Book Review: Fate’s Edge, by Ilona Andrews

ACE
372 pp.

Fate’s Edge involves Kaldar Mar, cousin of the heroine of Bayou Moon, several characters from On the Edge and a new heroine. Audrey Callahan a former thief who is attempting to make a better life for herself in the “Broken.” Her hopes of staying on the straight and narrow are shattered when her con artist father talks her into stealing a powerful magical item in the Weird. The money from selling the item is supposed to go into getting her drug addict brother into an expensive private rehabilitation center. Against all common sense and despite having very valid reasons not to, Audrey agrees to help her father steal the magical item in exchange for the family leaving her alone forever.

This leads to the secret services of three countries in the Weird trying to get their hands on the magical item. One of these operatives is Kaldar Mar, an agent of “The Mirror” who attempts to corner Audrey by accosting her at her job in the Broken. Audrey is deeply unhappy about this. She is even less happy when it turns out that her brother sold her out to the secret service of another country. Things get scary fast, and Kaldar and Audrey end up working together to recover the stolen item.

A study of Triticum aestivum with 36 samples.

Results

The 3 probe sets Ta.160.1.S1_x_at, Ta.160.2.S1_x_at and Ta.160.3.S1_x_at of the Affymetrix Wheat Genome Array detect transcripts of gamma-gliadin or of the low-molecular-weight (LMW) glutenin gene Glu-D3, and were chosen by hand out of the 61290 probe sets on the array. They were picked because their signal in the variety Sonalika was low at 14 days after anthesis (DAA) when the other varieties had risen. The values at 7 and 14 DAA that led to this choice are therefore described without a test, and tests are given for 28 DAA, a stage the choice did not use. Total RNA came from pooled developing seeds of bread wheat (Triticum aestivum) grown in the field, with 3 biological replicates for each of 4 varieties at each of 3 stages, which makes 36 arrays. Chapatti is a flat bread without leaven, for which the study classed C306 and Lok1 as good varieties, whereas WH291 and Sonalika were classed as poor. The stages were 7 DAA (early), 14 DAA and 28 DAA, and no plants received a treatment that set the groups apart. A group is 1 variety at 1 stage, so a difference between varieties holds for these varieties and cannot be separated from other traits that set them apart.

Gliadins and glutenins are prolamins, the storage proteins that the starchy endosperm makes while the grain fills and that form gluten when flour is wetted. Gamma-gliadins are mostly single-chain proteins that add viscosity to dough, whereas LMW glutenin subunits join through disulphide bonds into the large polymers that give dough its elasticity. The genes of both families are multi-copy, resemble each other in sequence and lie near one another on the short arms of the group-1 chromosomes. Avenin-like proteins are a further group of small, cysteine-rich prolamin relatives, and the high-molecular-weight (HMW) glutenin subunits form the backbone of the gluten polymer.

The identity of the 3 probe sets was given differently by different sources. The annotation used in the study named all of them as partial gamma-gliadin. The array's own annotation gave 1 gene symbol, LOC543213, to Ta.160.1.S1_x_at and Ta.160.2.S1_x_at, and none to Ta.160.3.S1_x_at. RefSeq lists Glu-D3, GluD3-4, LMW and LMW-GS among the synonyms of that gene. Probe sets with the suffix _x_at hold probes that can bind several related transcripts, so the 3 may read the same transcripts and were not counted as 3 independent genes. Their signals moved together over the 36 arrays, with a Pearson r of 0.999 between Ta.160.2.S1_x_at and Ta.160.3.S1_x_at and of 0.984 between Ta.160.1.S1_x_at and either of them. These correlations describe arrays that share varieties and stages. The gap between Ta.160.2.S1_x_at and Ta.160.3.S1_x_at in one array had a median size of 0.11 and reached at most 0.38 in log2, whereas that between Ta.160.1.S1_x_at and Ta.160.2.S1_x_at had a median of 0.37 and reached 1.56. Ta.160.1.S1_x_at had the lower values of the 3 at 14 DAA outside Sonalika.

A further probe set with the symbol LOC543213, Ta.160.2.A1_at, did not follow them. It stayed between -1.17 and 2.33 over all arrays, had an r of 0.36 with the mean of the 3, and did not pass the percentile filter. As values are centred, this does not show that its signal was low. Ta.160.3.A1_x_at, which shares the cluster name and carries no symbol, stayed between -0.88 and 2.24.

Meanwhile, Jack and George from On the Edge are having a) difficulties with being bullied because they are from the Edge and Jack is a shape shifter and b) think Jack might be sent to an extremely unpleasant military school. This results in their deciding to hitch a ride with Kaldar so they can get out of everyone’s hair before Horrible Things Happen. This turns out to be a very, very stupid idea! They do however end up being fairly useful to Kaldar though he spends most of the book in a cold sweat that the kids will get themselves killed. To make things even more exciting for Kaldar, the niece of the Hand operative who got his family killed wants revenge and is literally out for Kaldar’s blood. (No, really; she wants to bleed him out in hopes of creating a regeneration potion for her uncle.)

The romantic build up is fairly standard for the paranormal romance/urban fantasy romance genre; two characters thrown together who turn out to have synergy and mutual attraction. I was not really interested in the romance though there were some fairly cute matchmaking scenes. I was too busy being aggravated by a supposedly intelligent character going along with a plan that was obviously stupid and detrimental to her future. I was also less than happy about the “addiction is not a mental illness, addicts just like being high more than they like being decent human beings,” vibe I was getting from the narrative.